The annual register, which was published on Thursday 26 October, saw 30 sites removed because their futures have been secured, and 25 places added to the list.
In the region, 89 grade one and two-listed buildings, 114 scheduled monuments, 134 places of worship, seven registered parks and gardens and 65 conservation areas are at risk of neglect, decay or inappropriate change, according to Historic England.
Charles Smith, heritage at risk principal for Historic England in the North West, said: “Heritage promotes a sense of belonging and civic pride – and it can also be a huge driver for economic growth, stimulating regeneration and tourism. This year we have seen some wonderful places saved as result of fruitful partnership working with councils.”
Smith added that the continuing decline of local authority conservation officers could start to jeopardise designated historic parts of the region.
Various sites have been removed from the register including St Luke’s ‘bombed out’ church in Liverpool which will be home to an arts and events space supporting vulnerable people. Other sites removed include Birkrigg stone circle, near Ulverston, Cumbria and Ashnott lead mine and lime kiln, Newton, Lancashire.
There are 409 assets on the North West Register, 14 fewer than in 2016. Nationally, 840, or 3.8%, of all grade one and two-listed buildings are on the register, and in the region 89 listed secular buildings are classed as ‘at risk’, which is 5.6% of all listed buildings in the area.
See a selection of sites added or progressed below. All images supplied by English Heritage.
Burton-in-Kendal conservation area, Cumbria.
One of South Lakeland’s most historic villages, a number of buildings are empty with some showing decay and loss of historical detail. Historic England said it will work with South Lakeland District Council to address these warning signs and kick-start its recovery.
New Sedgwick gunpowder works, Cumbria.
The scheduled monument has been damaged by flooding. Gunpowder manufactured here from 1857 until 1935 was used for mining and quarrying. Remains including mills and a pump house can be seen. Historic England will work with the National Trust to address flooding problems.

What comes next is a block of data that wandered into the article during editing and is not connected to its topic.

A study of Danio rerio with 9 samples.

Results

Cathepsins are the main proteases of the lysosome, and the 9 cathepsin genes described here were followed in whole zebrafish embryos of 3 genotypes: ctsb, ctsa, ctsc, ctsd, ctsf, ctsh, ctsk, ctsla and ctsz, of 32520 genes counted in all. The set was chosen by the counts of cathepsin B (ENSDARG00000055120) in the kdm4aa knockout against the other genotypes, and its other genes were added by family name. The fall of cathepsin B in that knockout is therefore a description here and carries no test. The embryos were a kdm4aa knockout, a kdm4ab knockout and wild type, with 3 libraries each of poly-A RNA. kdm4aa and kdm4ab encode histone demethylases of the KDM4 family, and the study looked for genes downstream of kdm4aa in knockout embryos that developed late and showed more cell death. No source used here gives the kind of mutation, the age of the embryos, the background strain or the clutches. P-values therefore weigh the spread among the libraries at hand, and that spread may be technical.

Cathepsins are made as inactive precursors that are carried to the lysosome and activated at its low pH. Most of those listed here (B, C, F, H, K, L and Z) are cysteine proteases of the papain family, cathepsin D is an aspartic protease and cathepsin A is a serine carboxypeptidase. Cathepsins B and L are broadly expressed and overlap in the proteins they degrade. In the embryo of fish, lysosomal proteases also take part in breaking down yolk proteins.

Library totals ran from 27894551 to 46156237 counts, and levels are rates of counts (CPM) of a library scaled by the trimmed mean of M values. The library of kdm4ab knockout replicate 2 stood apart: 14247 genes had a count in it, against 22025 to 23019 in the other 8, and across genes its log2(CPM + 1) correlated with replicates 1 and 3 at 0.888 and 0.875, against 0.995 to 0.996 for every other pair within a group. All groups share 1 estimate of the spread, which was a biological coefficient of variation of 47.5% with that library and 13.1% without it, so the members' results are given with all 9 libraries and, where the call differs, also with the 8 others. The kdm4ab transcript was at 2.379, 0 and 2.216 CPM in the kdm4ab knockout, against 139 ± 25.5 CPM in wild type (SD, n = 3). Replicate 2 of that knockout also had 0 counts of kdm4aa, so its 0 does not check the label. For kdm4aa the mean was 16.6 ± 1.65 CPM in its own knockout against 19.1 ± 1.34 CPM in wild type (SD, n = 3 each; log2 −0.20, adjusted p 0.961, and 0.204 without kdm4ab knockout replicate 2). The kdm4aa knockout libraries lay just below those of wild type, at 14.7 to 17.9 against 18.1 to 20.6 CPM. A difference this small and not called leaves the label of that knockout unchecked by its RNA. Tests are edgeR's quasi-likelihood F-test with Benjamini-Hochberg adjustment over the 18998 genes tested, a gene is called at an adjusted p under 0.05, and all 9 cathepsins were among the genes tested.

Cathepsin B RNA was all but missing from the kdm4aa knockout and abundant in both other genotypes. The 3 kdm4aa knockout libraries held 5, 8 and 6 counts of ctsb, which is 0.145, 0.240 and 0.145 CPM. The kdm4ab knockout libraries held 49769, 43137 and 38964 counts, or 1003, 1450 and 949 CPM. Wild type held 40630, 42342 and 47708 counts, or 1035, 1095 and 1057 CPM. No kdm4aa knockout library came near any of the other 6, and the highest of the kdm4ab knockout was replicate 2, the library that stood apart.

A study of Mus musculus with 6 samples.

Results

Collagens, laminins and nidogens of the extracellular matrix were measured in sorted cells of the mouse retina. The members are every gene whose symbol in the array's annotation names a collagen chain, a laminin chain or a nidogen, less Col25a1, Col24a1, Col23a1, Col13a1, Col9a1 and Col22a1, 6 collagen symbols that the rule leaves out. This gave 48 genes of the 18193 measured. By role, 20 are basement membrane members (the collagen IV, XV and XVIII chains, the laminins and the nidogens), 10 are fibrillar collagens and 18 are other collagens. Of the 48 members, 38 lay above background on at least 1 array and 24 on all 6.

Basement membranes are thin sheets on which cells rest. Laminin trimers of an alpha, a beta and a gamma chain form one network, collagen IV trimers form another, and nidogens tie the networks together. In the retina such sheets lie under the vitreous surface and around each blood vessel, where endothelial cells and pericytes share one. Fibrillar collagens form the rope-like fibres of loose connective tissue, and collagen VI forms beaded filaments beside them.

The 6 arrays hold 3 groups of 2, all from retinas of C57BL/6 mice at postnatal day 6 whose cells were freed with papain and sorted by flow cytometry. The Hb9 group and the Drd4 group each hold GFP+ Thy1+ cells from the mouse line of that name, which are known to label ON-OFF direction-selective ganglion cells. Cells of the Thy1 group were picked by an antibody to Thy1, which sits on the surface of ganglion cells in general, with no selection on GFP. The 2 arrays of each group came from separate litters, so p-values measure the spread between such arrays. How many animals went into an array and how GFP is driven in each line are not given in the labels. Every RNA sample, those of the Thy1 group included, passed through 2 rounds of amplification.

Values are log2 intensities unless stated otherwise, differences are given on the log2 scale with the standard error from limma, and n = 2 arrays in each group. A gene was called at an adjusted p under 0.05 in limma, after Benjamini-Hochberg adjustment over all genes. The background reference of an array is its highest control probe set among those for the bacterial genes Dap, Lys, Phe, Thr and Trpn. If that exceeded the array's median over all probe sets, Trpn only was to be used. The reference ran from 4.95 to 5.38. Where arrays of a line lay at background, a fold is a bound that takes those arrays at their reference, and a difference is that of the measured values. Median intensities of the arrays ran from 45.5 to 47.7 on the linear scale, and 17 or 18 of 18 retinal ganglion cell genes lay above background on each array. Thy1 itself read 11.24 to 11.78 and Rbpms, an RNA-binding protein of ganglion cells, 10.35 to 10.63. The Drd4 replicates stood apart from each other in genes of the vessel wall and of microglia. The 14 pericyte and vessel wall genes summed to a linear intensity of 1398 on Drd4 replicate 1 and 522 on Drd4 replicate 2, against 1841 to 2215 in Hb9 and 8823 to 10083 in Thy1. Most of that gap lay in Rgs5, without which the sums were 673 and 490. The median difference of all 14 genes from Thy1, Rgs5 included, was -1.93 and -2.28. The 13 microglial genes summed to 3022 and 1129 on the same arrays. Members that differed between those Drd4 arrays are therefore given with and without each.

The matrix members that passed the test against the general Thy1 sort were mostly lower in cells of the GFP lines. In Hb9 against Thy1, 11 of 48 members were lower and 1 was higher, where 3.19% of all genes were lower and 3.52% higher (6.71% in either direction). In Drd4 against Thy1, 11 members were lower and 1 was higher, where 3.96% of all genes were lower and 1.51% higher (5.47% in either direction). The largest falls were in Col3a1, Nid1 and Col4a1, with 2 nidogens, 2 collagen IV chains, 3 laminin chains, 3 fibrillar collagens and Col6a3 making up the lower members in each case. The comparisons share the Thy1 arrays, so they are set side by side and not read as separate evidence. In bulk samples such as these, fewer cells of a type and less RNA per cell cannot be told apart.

Fleetwood town centre conservation area, Lancashire.
The coastal town of Fleetwood was a rare, planned settlement in the region. In the 1830s, the landowner hatched a plan to re-develop the town into a seaport. Historic England will work with Wyre Council to help preserve the buildings and attract private investment.
St Joseph’s Catholic Church, Lancaster, Lancashire.
The gothic church was designed by Pugin & Pugin and built in 1900. The church overlooks the River Lune and was constructed in sandstone and slate. However, it is no longer watertight and is in need of significant repairs.
Appleby conservation area, Cumbria.
Restoration of the area as a tourist destination is underway following damaging winter floods two years ago. Grant aid is providing building repairs alongside the delivery of a five-year programme in partnership with Eden District Council.
Hooton hangars, Cheshire.
Restoration on the three grade-two listed World War Two aircraft hangars is ongoing. The aircrafts were built in 1917 and the site was saved from demolition in 2000 when it came under the ownership of the Hooton Park Trust.
Blackpool Winter Gardens, Lancashire.
The grade-two listed gardens have been on the register for some time. A £500,000 grant has been given towards the £1.2m Spanish Hall roof repair. Work is estimated for completion next year.
Heaton Hall, Manchester.
The grade one-listed building has been in a state of deterioration after a fire in the 1980s. Match funding of £757,000 has been made to Manchester City Council covering three phases of repairs. Restoration is nearing completion.
Former Welsh Baptist chapel, Chorlton-on-Medlock, Manchester.
The grade two-listed former chapel was facing an uncertain future but is being renovated into student accommodation. Repairs are in progress and the project should finish in autumn 2017.
Wythenshawe Hall, Manchester.
Only added last year after being ravaged by fire, the timber-framed hall was devastated and much of the historic fabric destroyed. Historic England continues to work with Manchester City Council to conserve what remains.